Action is needed in the Macleay Valley to boost the local economy by expanding businesses, investing in tourism and capitalising on the area’s rich agriculture, a local business meeting has heard.
The Kempsey Regional Development Strategy meeting, held last week, saw local business representatives gather to raise ideas on how to grow the Macleay Valley economy.
A major issue raised in the meeting was a lack of sewerage services at the South Kempsey industrial area making it difficult for businesses looking to establish there.
Speaking to the Argus, economic sustainability manager for Kempsey Shire Council Susannah Smith said the lack of sewerage is a stopper on business growth as the cost of developing is high.
“The reason that sewer is so important is that, without it, the cost of people developing is much higher because they have to do their own on-site treatment. There were three to four businesses on that highway corridor who reiterated the importance for them to expand their businesses or be able to sell which means we really need to get that enabling infrastructure down through the corridor. We really hope that the state government does assist with that,” Ms Smith said.
One of the businesses affected by the lack of sewerage is the Kempsey organic food distribution centre – set to be the region’s first, fully certified, organic produce distribution centre which will feed communities right across Australia.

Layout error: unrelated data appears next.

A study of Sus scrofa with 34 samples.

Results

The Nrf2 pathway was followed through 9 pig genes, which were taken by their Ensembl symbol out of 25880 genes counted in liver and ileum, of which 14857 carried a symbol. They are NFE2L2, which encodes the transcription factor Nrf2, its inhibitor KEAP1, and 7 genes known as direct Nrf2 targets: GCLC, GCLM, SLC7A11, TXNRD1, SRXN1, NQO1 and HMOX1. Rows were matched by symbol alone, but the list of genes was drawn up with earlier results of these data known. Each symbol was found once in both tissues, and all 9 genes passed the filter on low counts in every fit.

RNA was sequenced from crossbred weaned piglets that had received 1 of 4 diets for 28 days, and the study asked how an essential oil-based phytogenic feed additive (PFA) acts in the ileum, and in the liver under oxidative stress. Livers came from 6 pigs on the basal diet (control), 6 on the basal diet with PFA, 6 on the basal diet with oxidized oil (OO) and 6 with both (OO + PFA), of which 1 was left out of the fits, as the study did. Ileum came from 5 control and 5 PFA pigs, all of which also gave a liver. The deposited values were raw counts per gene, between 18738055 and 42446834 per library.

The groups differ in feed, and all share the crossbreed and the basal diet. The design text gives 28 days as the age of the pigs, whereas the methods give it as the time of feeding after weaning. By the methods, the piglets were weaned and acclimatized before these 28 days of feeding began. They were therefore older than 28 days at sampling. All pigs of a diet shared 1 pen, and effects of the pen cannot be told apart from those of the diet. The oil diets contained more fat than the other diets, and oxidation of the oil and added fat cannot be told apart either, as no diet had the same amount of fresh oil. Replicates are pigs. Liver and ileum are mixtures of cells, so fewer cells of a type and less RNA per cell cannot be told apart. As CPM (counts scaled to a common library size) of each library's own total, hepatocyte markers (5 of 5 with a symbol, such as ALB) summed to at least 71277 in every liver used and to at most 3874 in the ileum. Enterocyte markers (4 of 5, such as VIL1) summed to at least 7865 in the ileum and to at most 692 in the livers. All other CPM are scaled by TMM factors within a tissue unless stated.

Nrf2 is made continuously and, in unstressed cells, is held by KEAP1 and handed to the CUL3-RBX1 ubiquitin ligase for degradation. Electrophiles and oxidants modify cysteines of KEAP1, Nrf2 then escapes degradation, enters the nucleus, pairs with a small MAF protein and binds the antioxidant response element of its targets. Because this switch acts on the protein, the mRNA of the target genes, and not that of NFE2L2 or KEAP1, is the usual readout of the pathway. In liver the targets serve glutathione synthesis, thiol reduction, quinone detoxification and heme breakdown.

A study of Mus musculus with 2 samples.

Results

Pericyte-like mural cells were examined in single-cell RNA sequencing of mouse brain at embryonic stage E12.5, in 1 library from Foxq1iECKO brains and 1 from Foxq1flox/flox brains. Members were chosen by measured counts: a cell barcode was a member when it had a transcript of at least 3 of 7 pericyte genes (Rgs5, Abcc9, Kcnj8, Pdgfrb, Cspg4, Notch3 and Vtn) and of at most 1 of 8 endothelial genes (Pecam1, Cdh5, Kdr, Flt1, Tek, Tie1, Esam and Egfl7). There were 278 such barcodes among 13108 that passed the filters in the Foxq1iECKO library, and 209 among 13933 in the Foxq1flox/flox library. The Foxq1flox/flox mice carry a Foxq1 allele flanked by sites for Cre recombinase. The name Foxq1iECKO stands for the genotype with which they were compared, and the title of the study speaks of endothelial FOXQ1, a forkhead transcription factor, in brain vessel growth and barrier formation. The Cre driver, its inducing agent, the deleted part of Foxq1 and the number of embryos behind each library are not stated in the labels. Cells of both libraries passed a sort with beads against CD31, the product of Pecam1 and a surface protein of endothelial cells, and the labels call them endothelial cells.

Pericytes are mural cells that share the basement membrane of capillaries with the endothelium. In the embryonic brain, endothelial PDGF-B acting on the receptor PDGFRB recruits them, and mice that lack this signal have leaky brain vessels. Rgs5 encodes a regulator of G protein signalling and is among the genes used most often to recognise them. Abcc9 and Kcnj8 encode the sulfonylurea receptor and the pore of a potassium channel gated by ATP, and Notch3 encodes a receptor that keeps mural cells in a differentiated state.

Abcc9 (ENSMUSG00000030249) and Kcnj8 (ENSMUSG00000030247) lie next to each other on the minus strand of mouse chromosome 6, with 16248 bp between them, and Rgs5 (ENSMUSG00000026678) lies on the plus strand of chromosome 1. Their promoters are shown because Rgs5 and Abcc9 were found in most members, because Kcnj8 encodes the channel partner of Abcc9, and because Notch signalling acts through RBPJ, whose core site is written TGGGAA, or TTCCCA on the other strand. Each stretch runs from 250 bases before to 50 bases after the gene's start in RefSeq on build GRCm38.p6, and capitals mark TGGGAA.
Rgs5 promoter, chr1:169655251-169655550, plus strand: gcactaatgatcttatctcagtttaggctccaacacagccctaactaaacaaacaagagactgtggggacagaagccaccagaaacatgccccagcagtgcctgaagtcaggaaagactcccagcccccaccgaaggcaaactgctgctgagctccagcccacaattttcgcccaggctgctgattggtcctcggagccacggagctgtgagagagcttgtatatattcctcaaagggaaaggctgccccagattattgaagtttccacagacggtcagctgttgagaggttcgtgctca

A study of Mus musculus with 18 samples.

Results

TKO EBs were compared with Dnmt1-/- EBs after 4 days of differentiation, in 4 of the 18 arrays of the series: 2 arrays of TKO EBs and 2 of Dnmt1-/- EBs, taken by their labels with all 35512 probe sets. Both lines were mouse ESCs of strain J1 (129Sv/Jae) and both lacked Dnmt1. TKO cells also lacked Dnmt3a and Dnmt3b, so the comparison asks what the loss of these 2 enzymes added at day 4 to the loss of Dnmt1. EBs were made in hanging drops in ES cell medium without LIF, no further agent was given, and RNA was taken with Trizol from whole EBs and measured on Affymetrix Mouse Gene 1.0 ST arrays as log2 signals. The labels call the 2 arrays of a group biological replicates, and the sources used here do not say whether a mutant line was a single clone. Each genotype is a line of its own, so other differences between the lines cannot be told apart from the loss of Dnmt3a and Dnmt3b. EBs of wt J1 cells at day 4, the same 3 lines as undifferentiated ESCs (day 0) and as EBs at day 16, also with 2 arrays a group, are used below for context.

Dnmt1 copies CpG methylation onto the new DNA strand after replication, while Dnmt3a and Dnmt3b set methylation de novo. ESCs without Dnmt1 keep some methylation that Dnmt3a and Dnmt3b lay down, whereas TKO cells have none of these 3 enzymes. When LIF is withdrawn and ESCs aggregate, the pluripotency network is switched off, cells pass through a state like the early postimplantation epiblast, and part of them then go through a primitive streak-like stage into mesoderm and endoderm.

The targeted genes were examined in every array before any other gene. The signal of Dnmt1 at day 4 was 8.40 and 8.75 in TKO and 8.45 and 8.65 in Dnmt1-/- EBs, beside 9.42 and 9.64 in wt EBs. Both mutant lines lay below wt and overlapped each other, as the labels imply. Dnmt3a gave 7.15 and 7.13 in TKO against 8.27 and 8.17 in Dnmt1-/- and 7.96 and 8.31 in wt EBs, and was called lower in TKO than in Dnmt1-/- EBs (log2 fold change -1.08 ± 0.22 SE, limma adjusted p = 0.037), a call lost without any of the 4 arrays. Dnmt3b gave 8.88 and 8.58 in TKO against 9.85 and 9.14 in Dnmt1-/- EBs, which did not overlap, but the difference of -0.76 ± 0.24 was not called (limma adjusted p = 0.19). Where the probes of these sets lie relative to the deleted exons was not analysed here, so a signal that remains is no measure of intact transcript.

Tourism and agribusiness were other major topics discussed in the meeting.
Locals said that the Valley’s rich Indigenous history and ties to iconic Australian names such as Slim Dusty and brands like Akubra and Nestle are assets significantly underutilised.
“A lot of people spoke about the huge potential for both the tourism and agriculture sectors in the Macleay. There seemed to be a lot of acknowledgment that, given our history and our attributes in terms of climate and topography and soil, there is room for more growth in the agribusiness sector,” Ms Smith said.
“It was identified that we do have unrealised opportunity in terms of our Indigenous culture and that more can be done in aligning that with our tourism sector. We have got Indigenous history that is rich and long and some were commenting – where is that depicted locally?
Ms Smith commented that success has been seen in the Macleay Valley Food Bowl project which is shining a light on the Valley’s agriculture and which has incentivised and motivated local businesses.
There were a range of other issues discussed in the meeting which was facilitated by management consultancy firm Corview in partnership with Kempsey Shire Council.
Next steps: The state government is expected to release its Regional Economic Development Strategy within the first quarter of 2018. The strategy will detail the allocation of money from the NSW government’s poles and wires sale to regional communities. Ms Smith said council with then form its own Regional Development Strategy for the Macleay Valley taking into consideration the issues raised in last week’s consultation.